Always up for good counterpoint, we jumped from Zion to Las Vegas, where the scenery changed from sheer rocky cliffs to towering hotels, from river to fountains, from nighttime sky to neon flashing lights.
Adjusting to the extreme heat and general sensory overload, we checked into the Hotel Monte Carlo, which turned out to be cheaper in cost than our digs in Sedona. From there, we threw on our “nice” clothes and set out on the strip for the long walk through what seemed like miles of hotel lobbies, casino rooms, high-end malls, and finally landed at The Venetian for dinner.
Good food is super easy to find in Vegas (among other things). Reasonably-priced good food is tougher... so we landed at Bouchon, which is somewhere in the middle of the price range but at the top of the quality range. (The chef, Thomas Keller, has been named “America’s Best Chef” by Time Magazine.) With classic french bistro decor, a relaxed ambiance, and some jedi mind tricks that made us feel like we were on the ground floor (rather than the actual 10th floor), we sank into our table eager to have something other than camp cooking.
We devoured the warm-up course: bread and pistachios with some of the best butter we’d ever tried. For a main course, Loren opted for the Sole Marinière (sautéed fillet of sole, caramelized baby artichokes, manila clams, oyster mushrooms, coco beans, and a delicious seafood broth). For Kristen, the Veal Chateaubriand (seared veal loin, crispy polenta, jingle bell peppers, glazed figs, fennel bulb & sauce soubise).
It was really hard to peel us out of our happy-belly stupor, especially knowing that we definitely had to make our way, in the heat, all the way back down to the Monte Carlo. Turns out Vegas at night trumps Vegas by day. While it was still super hot, and while there were tons of people still out on the streets, things seemed marginally less hectic. And at least we had the neon lights to keep our focus from the heat!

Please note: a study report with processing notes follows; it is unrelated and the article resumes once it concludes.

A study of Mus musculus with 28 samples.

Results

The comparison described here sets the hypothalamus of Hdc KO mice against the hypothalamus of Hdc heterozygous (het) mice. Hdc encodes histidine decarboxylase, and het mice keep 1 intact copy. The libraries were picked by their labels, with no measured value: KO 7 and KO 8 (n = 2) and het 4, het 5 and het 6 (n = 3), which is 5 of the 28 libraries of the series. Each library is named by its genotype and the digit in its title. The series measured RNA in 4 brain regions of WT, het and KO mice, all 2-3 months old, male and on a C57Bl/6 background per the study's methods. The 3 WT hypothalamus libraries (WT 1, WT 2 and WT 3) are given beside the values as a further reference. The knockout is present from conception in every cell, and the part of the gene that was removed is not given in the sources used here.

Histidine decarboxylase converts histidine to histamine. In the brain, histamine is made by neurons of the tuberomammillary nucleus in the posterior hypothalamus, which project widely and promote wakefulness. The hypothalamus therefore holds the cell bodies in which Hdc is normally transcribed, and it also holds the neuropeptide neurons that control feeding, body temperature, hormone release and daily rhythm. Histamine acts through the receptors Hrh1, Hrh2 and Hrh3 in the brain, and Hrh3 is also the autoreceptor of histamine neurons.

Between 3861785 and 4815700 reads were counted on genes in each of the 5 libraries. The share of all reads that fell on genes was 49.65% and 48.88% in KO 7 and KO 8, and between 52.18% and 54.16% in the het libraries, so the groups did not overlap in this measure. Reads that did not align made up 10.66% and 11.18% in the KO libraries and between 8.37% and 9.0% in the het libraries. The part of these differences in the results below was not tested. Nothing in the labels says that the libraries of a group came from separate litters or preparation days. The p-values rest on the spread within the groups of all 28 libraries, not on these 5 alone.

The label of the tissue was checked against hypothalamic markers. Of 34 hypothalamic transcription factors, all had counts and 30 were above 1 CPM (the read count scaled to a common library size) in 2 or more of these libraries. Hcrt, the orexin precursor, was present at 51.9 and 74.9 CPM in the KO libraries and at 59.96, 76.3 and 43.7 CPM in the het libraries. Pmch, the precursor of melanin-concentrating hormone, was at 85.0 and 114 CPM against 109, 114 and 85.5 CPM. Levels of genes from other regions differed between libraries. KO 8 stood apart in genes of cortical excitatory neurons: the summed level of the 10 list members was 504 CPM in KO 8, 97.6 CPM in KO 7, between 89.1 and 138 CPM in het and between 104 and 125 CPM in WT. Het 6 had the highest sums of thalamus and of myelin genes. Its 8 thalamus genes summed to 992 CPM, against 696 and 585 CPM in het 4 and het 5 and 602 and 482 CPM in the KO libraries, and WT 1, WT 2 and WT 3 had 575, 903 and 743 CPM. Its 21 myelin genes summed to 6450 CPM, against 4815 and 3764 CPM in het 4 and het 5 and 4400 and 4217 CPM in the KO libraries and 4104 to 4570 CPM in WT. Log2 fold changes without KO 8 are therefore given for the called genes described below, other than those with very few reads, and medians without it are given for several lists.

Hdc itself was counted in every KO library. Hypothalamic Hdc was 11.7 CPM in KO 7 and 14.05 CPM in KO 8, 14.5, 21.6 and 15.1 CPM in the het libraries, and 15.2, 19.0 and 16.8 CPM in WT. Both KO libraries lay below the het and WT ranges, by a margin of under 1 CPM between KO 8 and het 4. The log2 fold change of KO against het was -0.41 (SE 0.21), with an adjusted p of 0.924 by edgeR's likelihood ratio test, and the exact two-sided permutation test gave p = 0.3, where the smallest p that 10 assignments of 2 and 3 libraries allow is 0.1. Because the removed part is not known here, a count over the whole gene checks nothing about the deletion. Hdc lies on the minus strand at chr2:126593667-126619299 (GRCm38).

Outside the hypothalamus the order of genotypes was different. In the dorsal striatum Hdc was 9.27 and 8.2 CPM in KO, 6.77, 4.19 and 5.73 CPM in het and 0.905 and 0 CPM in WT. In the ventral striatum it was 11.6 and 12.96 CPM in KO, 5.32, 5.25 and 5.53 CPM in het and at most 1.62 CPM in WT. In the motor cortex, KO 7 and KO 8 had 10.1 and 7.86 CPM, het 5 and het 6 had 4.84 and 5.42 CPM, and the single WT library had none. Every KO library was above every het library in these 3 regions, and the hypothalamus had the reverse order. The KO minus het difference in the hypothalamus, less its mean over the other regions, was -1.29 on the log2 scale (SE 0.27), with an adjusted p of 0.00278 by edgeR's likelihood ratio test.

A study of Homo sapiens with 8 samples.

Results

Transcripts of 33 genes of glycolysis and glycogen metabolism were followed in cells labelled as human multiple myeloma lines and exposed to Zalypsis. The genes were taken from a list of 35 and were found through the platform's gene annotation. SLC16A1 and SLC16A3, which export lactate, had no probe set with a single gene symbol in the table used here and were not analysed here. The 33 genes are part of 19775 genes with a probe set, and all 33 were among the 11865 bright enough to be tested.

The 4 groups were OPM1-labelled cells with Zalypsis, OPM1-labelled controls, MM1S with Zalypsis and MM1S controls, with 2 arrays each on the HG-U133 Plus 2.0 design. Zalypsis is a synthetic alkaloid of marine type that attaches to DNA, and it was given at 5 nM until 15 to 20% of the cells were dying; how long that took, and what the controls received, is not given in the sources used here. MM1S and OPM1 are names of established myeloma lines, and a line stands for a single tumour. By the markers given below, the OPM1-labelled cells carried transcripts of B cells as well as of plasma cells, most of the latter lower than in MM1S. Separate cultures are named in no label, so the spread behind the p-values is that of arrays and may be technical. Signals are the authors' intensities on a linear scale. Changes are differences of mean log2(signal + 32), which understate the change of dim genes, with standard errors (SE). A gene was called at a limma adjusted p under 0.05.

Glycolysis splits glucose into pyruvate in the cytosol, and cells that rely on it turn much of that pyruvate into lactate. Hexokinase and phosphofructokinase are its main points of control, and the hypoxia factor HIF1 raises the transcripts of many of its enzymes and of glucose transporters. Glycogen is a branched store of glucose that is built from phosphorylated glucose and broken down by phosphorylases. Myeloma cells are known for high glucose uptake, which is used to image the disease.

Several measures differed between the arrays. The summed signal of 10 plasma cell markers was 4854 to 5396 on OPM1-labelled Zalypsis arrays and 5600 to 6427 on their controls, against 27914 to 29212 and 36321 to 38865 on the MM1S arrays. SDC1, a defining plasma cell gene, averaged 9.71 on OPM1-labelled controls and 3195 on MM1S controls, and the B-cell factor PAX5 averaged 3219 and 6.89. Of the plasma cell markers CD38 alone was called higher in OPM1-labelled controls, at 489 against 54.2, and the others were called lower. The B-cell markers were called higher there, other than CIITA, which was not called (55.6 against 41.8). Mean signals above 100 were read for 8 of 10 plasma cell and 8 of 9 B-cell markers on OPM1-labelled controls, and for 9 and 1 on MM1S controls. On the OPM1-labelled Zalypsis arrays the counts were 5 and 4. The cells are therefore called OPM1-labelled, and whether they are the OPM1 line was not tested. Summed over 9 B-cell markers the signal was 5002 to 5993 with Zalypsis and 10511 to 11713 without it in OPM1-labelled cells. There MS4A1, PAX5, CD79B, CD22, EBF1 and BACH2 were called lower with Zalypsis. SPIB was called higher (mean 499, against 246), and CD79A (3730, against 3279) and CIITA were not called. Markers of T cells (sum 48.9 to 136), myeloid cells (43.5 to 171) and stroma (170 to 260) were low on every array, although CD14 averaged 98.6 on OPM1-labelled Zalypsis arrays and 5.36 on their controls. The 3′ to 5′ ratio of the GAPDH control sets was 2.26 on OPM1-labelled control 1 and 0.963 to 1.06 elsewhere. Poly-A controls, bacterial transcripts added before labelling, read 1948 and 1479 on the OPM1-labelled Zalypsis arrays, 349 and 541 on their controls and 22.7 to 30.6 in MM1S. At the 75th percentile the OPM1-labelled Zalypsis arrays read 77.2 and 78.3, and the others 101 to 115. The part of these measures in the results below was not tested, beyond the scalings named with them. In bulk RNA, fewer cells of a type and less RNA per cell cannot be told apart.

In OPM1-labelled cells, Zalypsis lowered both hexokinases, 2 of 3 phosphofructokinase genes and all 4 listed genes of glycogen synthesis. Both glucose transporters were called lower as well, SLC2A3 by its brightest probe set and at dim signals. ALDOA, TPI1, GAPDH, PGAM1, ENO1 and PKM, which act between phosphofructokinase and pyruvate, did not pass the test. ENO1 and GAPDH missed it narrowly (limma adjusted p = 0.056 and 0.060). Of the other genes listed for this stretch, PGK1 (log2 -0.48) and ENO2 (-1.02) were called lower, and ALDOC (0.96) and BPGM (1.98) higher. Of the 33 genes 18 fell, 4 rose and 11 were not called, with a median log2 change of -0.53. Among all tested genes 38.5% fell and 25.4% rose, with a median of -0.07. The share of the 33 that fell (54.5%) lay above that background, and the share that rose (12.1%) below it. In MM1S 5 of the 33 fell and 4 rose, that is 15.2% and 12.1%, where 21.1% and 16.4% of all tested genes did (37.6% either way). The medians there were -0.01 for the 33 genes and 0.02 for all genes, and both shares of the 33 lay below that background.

We weaved our way through the nudie card slappers (who are in some way trying to generate business for escorts but as far as we could tell, couldn’t pass out any cards) to the Eiffel Tower restaurant, which is a part of Paris hotel. Unable to eat anything more, we chose liquid dessert of Margarita and Strawberry-Basil Mojito. The view from the bar was pretty spectacular: the Bellagio’s fountain. (In fact, the drinks at Eiffel Tower were so good, Kristen somehow managed to pay the bill but leave her credit card at the bar. Luckily she realized it a few hours after the fact and was able to freeze that account... she eventually cancelled it after the restaurant reported back they hadn't found it the next morning. And of course, 45 minutes later, they found it at the hostess stand. Too late. What you spend in Vegas stays in Vegas!)
After leaving the Eiffel Tower bar, we made it just in time to catch another showing of the Bellagio Fountain show, which was a bit overshadowed by the terrible choice in music ("God Bless the USA"... why didn't Bellagio stick with Clair de Lune, like in Ocean's Eleven?) but still worth seeing. Our next stop was a spot close to our own hotel, the Cosmopolitan's Chandelier bar, where we topped off our liquor buzz with another drink each, though the ambiance far outweighed the drinks this time. After that liquid confidence, we made it back to the Monte Carlo where we decided to try our luck in the casino. First stop: slots. We each lost one dollar immediately, expecting it'd last for at least a few "spins". That sucked. Kristen swore off gambling, Loren tried Fast Roulette and digital Blackjack, and both turned in fairly early by Vegas standards. Total money lost at casino: $25.
All in all, we spent our money where we wanted to: on food and drink. Dinner was literally more expensive than our hotel room for the night. Vegas is certainly a spectacle, and we'll be back at some point at least to try more restaurants, to catch a Cirque du Soleil performance, and to visit the currently-under-renovation but soon-to-reopen Neon Graveyard in North vegas. Until then, we'll save up.